By Natalie Zed
This may be a strange beginning, but I almost didn’t go to this show. After an afternoon where absolutely nothing had gone the way I had hoped, I was sorely tempted to just give up on having a day, pour myself some whisky, and watch a Deadliest Catch marathon. There’s always an ugly voice lurking at the edges of my consciousness when things go poorly, a voice that loves to give me excuses, think up ways that I could give up or lay down. It’s the most seductive voice in the entire world. “It’s raining. You’re tired. Come on, let’s go home. Tell me all about it.” Luckily, I am stubborn, particularly when I have any kind of job to do. Also luckily, there is no surer way to drown out that voice, and no more fool-proof mood-booster for me, than heavy metal. So I found my way to The Mod Club only a little late, ready to bruise my eardrums and soothe my brain.
Before I get on to the bands, though, I have to acknowledge the sheer organizational badassery of Inertia Entertainment and Noel Peters. Every single Inertia show I have ever been do is well-staffed (meaning not just that staff is present, but that they all really know what the hell they’re doing) and meticulously organized. Oh, and is also a flat-out fucking great time. There’s a positive vibe in the room at every Inertia Entertainment show I’ve had the pleasure of attending; those folks deserve to feel some love for their labour.
By the time I walked into The Mod Club I’d missed Remain entirely; Lily the Pirate and I had just enough time to buy some horrifyingly-expensive beer before Burning the Day began. The crowd was still somewhat thin while they were on stage, though you never would have known it by the way they played. I was not blown away by their musicianship (though the drumming did impress me) or their stage presence, but I was thoroughly pleased with their attitude. Burning the Day poured positive energy into the room, were grateful for all they got back from the crowd and were extremely gracious to all the other bands they shared the stage with. Their set was clean and concise, and served as a perfectly enjoyable aural appetizer.
Goatwhore‘s performance was the highlight of the night for me. They managed to project an incredibly dark and intense presence, all while having a fucking blast. Louis Falgoust roamed all over the stage, frequently punching at the audience’s raised fists and vigorously shaking hands between songs (once lifting me clean off the ground in the process). Drummer Zack Simmons played with a serene, almost meditative expression on his face, wonderfully at odds with the auditory onslaught he produced. Goatwhore composed their setlist of material from all four of their albums, drawing most heavily from Carving Out The Eyes of God. The crowd loved what they were being given, positively lapped it up, ecstatic when each new song title was called out. I spent their whole set feeling the burn in my neck muscles and screaming my lungs out. If Satan ever has a bachelor party, Goatwhore will have to play the gig.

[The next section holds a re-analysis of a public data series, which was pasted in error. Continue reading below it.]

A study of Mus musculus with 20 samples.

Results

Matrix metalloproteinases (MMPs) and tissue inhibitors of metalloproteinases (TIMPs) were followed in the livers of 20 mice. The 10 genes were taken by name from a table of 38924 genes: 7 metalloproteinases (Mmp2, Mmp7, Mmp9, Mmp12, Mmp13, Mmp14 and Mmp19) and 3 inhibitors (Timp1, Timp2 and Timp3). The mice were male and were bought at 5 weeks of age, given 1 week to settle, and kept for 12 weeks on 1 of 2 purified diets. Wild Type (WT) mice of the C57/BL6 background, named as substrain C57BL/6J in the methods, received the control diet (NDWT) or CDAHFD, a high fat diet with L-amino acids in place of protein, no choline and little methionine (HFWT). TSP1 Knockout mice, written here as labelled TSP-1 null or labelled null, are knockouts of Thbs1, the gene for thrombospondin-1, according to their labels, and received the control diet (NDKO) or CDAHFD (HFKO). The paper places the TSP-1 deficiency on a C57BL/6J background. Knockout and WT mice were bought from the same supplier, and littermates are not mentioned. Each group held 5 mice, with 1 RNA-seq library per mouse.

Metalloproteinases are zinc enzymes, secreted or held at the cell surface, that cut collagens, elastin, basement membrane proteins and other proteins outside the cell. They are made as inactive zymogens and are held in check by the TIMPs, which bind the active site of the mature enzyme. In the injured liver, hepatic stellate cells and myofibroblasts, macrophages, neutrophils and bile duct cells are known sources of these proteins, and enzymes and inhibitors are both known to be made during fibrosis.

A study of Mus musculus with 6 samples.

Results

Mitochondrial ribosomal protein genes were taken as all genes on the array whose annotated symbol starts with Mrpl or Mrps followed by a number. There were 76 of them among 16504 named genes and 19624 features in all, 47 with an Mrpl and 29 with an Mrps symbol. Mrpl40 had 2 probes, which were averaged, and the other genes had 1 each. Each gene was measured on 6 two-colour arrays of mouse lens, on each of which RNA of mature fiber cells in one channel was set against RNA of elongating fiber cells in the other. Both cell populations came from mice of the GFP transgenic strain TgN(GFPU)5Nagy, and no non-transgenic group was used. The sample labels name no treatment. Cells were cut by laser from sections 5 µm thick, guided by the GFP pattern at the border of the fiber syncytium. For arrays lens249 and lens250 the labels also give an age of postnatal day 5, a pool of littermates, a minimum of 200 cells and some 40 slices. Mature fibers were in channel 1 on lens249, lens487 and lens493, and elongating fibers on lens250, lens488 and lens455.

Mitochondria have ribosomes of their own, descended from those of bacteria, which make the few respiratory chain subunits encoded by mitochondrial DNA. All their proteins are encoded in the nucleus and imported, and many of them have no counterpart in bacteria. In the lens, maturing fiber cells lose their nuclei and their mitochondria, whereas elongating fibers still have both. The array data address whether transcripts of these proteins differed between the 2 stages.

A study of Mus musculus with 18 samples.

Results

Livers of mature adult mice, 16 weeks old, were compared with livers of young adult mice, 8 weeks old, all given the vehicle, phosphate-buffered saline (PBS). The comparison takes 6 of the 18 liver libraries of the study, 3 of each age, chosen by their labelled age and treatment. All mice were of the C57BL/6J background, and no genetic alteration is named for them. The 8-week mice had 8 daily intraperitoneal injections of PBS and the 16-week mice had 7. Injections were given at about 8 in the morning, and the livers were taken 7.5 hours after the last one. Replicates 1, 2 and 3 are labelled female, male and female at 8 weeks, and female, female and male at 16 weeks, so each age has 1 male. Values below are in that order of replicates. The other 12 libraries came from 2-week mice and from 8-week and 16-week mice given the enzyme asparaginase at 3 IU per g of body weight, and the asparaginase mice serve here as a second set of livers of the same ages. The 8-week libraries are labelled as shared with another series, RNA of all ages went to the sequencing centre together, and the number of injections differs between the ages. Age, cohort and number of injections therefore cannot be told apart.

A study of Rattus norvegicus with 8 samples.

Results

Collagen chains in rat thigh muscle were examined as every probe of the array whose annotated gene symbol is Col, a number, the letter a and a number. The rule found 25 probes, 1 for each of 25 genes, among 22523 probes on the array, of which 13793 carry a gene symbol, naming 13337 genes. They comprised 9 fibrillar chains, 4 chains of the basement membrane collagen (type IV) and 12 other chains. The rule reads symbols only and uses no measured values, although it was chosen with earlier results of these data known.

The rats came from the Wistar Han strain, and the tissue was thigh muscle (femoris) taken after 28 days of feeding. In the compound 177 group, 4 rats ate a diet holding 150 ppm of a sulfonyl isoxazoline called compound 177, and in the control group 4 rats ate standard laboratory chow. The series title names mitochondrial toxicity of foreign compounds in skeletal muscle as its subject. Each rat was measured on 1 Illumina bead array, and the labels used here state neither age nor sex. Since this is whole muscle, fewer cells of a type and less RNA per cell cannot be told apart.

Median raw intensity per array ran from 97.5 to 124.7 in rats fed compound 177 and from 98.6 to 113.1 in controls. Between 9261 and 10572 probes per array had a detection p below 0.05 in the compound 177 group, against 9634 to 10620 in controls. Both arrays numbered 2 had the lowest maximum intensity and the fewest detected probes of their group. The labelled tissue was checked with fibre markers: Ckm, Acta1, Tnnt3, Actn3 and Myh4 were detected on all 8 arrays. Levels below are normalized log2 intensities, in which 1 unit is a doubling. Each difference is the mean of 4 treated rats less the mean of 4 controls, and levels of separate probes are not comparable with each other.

Last up were the Vancouver-based 3 Inches of Blood, who continued to show every sweaty body packed into the Mod Club a damn good time. There is something solid, straightforward, almost wholesome about their brand of traditional heavy metal that is particularly satisfying. Cam Pipes sang about orcs and hammers while unleashing a series of throaty old-school wails—what was there not to love? While my own personal tastes placed 3IOB in the honourable position of runner-up for most kickass performance of the night, they certainly tore the place up. Lily the Pirate would disagree with me in this regard; she loves traditional metal, and certainly would have crowned 3IOB the night’s champions. All hierarchies of awesome aside, there was no mistaking the fact that a great time was had by all. The denizens of the pit were bloodied and bemused by the time 3IOB were finally done with them.
There was one more thing that occurred at this show that really made it stand out for me: about halfway through 3 Inches of Blood’s set, I felt a tap on my shoulder. Sammy Duet, the guitarist/vocalist for Goatwhore, beckoned me and Lily to follow him towards the set of doors that led backstage. I felt myself beginning to bluster; I was certain I was about to get in trouble for something (though what, I could not possibly imagine). Between the volume and my own obliviousness, it took me an embarrassingly long time to figure out what was going on. Finally, it sank in: we were being invited to go backstage. I felt myself suddenly grin and blush, become giddy; I explained (as best I could next to an amp) that I was covering the show, and had to watch the rest of the performance. Sammy shrugged, kissed Lily’s hand, and retreated backstage. I spent the rest of the night feeling at once flattered, awkward, and like the biggest nerd on earth, having cheerfully turned down an opportunity for groupie-dom to take live review notes on my phone.
I wished I could have had the chance to explain a little more fully: “Listen, Goatwhore, I am sure you’re very nice. But, really, I am here for the music; if I follow you backstage, I am going to miss what’s happening out here. And while I am sure that we would have An Adventure, in the name of Journalism (and, er, Virtue), I must remain on this side of those doors.”
Postscript: As we were leaving, we saw a young man buying his girlfriend a pair of Goatwhore panties. His girlfriend was most definitely not with him that evening. Odds that he got in serious trouble for presenting her with a pair of undies with Goatwhore written across the ass: 100%.